Updated: September 16, 2021 06:40 PM
Created: September 16, 2021 05:56 PM
ROCHESTER, N.Y. (WHEC) — In the winter of 2019, a young man jumped into the freezing Genesee River. As of today, the law won't let his mother get a death certificate.
Michele DeJonge can't get it because her son's body was never recovered. She needs the certificate to close his bank accounts. She wants it for her own personal closure.
For the last two years, DeJonge says she got the classic government run around — every office she called told her to call someone else.
The law in New York says if there's no body or remains, families have to wait three years before they can even consider getting a death certificate, but we found a way to get that closure faster.
"This is where it all began," DeJonge said standing on the Court Street Bridge in downtown Rochester. "This is where we lost Paul."
In February 2019, Paul Matison had too much to drink, crashed into a car on Court Street and got into a dispute. DeJonge believes her son jumped off the bridge and into the river to avoid police.
"It's been two and a half years. The police report indicates he's dead. There is no doubt in anybody's mind from anybody in the county system that he's gone and I can't get an answer as to how to get a death certificate," she said.
State law says a missing person isn't considered dead until at least "a period of three years."
Brean: "The system does allow families to get a death certificate without having to wait these three years though, is that correct?"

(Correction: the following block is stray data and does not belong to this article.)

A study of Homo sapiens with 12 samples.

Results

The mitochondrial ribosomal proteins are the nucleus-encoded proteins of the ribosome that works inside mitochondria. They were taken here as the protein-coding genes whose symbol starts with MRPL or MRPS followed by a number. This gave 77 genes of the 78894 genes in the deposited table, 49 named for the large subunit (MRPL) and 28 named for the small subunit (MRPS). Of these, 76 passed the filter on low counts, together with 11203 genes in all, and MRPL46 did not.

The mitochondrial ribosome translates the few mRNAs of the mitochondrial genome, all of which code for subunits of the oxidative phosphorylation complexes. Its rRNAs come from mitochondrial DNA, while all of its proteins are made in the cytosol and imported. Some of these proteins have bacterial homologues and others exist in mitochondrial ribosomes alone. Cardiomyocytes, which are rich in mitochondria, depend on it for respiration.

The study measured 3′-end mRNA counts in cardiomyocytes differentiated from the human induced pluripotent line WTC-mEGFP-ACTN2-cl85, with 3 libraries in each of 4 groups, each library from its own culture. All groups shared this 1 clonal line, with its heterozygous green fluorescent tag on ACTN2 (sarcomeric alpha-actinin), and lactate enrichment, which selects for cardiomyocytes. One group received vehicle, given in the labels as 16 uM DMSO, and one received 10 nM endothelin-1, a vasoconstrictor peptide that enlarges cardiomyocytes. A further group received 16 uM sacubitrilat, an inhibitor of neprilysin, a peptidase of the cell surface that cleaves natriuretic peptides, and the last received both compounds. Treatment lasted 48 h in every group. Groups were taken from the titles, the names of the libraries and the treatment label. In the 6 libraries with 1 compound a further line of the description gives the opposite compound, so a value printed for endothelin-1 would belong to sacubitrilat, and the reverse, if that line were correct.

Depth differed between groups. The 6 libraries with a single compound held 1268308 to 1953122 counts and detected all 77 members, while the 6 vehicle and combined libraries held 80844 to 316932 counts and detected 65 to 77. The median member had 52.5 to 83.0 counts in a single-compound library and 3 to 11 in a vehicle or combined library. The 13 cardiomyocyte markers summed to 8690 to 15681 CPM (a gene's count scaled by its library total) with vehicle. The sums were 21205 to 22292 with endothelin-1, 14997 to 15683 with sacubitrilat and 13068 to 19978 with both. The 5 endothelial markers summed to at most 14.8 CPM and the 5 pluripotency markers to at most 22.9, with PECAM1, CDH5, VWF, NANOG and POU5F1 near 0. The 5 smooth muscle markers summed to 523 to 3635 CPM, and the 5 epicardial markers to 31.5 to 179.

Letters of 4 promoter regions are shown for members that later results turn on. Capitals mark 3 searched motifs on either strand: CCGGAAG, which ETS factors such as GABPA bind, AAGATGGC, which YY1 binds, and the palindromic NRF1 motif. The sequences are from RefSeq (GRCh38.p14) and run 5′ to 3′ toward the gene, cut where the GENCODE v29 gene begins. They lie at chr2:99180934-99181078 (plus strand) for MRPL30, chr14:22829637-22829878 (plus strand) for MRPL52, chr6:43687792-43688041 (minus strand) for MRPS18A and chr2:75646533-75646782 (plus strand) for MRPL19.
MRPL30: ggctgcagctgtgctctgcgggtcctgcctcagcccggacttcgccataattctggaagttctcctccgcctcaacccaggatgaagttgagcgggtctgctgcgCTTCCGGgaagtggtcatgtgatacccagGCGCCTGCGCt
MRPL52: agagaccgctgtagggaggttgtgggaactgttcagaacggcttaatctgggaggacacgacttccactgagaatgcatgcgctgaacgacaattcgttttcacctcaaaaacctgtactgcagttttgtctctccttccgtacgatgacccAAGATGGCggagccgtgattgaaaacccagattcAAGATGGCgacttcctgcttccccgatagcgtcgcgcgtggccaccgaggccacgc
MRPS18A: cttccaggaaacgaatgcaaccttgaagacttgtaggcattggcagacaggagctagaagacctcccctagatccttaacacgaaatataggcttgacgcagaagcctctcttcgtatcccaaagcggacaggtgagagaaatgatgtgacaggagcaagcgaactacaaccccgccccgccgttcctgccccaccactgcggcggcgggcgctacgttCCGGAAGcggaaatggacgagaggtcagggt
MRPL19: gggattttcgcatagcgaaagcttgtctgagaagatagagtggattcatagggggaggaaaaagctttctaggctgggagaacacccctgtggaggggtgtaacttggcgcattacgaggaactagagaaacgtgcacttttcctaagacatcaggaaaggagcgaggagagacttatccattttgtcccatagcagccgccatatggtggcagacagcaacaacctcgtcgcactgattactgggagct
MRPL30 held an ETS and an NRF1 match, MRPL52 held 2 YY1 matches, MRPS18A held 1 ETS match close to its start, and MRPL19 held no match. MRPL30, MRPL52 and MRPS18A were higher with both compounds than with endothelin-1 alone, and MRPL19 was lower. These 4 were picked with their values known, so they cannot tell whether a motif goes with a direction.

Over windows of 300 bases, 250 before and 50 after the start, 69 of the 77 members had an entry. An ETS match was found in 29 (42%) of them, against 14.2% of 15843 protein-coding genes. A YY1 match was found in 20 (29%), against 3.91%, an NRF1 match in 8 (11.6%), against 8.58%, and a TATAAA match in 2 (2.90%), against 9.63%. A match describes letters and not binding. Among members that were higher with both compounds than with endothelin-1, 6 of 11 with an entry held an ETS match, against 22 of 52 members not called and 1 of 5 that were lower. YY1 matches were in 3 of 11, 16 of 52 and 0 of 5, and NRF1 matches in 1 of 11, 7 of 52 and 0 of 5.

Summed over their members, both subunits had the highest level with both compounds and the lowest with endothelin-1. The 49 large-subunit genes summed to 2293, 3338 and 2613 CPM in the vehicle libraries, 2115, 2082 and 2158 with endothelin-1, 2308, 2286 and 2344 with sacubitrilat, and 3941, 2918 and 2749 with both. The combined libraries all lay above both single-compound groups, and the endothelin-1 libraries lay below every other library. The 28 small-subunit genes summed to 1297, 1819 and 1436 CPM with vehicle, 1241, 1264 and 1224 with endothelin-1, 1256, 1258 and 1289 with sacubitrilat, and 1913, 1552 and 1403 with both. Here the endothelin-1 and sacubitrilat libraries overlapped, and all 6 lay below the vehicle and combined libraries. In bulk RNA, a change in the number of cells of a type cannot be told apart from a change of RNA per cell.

Jeffrey Johnstone, attorney at Tully Rinckey Law: "Yes it does if they can show the person was, in the words of the statute 'exposed to a specific peril of death.'"
Johnstone is an estate and trust attorney at the firm Tully Rinckey. If there was a specific peril of death, a family can appeal to the surrogate court in Monroe County for a court order to get a death certificate.
I obtained the RPD report about Paul Matison. It says Matison "jumped into the Genesee River," the river was "flowing rapidly," the temperature was "below freezing" and Matison is "presumed deceased." Under "Level of Injury" the RPD reports says "Dead."
Brean: "Is that enough for the court?"
Johnstone: Well that's a very good question. I can't tell you exactly what the judge would decide, it's possible the court would decide that the police report and its investigation is sufficient under the circumstances."
DeJonge said no one ever told her she could do this until we learned about it.
Since 2019, she posted an obituary for Matison and attached a plaque with his name and the years he lived to his father's gravesite. She's determined to get her son's death certificate before waiting the full three years.
"I advocated for him his whole life," DeJonge said. "This is my last shot to do something for him."
As we left the bridge, DeJonge said she can't be the only one. The FBI says there are 90,000 active missing person cases in the country right now.
Matison wasn't married and didn't have any children. But if there was a situation involving children and dependants, the law accounts for that and allows survivors access to money and benefits.
Typically, the money has to go into a trust for a period of time.